Executive Director, CoPIRG
Executive Director, CoPIRG
Colorado Small Business $2,957
With Tax Day approaching, CoPIRG was joined today by Zach Hepner, owner of Velosoul Bikes and Marlene Nuechterlien owner of Caboodle Gifts to release a new study which revealed that the average Colorado taxpayer in 2012 would have to shoulder an extra $1,183 in taxes to make up for the revenue lost due to the use of offshore tax havens by corporations and wealthy individuals and the average small business would need to shoulder $2,957.
“Tax dodging is not a victimless offense. When companies use accounting gimmicks to move their profits to tax haven shell companies, the rest of us have to pick up the tab,” said Justine Bufmack, campaign coordinator for CoPIRG. “With the nation facing such serious budget challenges, it’s a no-brainer that we need to close these loopholes and stop letting large corporations avoid paying what they should.”
Every year, corporations and wealthy individuals avoid paying an estimated $150 billion in taxes by using complicated accounting tricks to shift their profits to offshore tax havens. Of that $150 billion, $90 billion is avoided specifically by corporations.
The federal revenue lost to offshore tax havens would be more than enough to cover the automatic federal budget cuts caused by the sequester. A recent CoPIRG report also found that offshore tax dodging costs Colorado $504 million annually.
The report found that the average Colorado small business would have to pay $2,957 to cover the cost of offshore tax dodging by large corporations. Offshore tax havens give large multinationals a competitive advantage over responsible small businesses which don’t use tax havens and get stuck footing the bill for corporate tax dodging.
At the event, CoPIRG unveiled a list of 60 Colorado small businesses that have signed onto a letter calling for Senator Bennet, who is on the powerful Finance Committee, to move legislation forward that closes these tax loopholes.
“Caboodle Gifts does its small part to make our community better,” said Marlene Nuechterlien, owner of the Denver based gift store. “Our taxes help pay for roads, bridges, schools, and other public services that my business and my customers depend on. Big corporations should do the same and pay their fair share for the services that helped them build their profits.”
Many of America’s largest and best-known corporations use these complex tax avoidance schemes to shift their profits offshore and drastically shrink their tax bill:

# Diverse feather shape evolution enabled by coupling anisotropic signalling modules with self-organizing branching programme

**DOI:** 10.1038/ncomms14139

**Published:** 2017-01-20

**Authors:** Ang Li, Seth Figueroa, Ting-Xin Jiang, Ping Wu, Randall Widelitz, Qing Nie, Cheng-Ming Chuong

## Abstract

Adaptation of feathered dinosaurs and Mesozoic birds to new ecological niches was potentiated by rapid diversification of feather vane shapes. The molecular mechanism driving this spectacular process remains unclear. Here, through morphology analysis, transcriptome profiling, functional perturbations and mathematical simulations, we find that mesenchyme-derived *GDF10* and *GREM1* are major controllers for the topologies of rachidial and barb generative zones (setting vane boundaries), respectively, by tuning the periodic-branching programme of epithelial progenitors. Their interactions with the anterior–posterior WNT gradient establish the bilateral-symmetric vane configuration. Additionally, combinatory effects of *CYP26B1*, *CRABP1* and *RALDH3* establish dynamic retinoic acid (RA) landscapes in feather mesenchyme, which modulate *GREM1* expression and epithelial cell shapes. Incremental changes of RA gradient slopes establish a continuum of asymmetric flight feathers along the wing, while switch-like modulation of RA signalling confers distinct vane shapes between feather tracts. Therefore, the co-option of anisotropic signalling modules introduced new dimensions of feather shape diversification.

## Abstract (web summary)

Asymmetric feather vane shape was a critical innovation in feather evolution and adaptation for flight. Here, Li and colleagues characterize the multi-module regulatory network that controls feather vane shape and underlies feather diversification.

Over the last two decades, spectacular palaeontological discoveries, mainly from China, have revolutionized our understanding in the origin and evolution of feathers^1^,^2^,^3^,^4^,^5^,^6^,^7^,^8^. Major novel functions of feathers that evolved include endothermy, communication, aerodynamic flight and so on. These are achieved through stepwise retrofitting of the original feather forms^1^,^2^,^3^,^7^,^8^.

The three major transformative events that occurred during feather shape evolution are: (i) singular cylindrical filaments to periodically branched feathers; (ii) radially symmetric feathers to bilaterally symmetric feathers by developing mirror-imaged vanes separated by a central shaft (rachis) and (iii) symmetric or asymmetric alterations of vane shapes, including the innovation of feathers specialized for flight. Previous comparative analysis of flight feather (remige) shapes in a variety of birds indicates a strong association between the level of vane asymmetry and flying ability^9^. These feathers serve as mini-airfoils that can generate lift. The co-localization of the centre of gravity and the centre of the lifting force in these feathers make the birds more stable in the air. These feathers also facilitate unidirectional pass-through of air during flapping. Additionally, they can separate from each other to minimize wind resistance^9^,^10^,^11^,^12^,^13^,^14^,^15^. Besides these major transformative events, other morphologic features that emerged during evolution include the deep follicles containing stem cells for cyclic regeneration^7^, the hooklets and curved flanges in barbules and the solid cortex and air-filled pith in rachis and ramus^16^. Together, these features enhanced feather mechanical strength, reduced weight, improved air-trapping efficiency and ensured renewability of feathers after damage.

- Pfizer, the world’s largest drug maker, made 40 percent of its sales in the U.S. over the past five years, but thanks to their use of offshore tax loopholes they reported no taxable income in the U.S. during that time. The company operates 172 subsidiaries in tax havens and has $73 billion parked offshore which remains untaxed bythe U.S., according to its own SEC filing. That is the second highest amount of money sitting offshore for one U.S. multinational corporation.
- Microsoft avoided $4.5 billion in federal income taxes over a three year period by using sophisticated accounting tricks to artificially shift its income to tax-friendly Puerto Rico. Microsoft maintains five tax haven subsidiaries and keeps 70 percent of its cash offshore, a total of $60.8 billion, on which it would otherwise owe $19.4 billion in U.S. taxes.
- Citigroup– a bank that was bailed out by taxpayers during the financial meltdown of 2008 – maintains 20 subsidiaries in tax havens and has $42.6 billion sitting offshore, on which it would otherwise owe $$11.5 billion in taxes, according to its ownSEC filing. Citigroup currently ranks eighthamong U.S. multinationalsfor having the most money stashed offshore.
“It is appalling that these companies get out of paying for the nation’s infrastructure, education system, and security that help make them successful,” added Bufmack.
The report recommends closing a number of offshore tax loopholes. Many of these reforms are included in the Cut Unjustified Tax Loopholes Act (Senate Bill 268), which CoPIRG is calling on Senators Bennet and Udall to support.
Click here to see an earlier study showing how offshore tax dodging harms Colorado’s budget.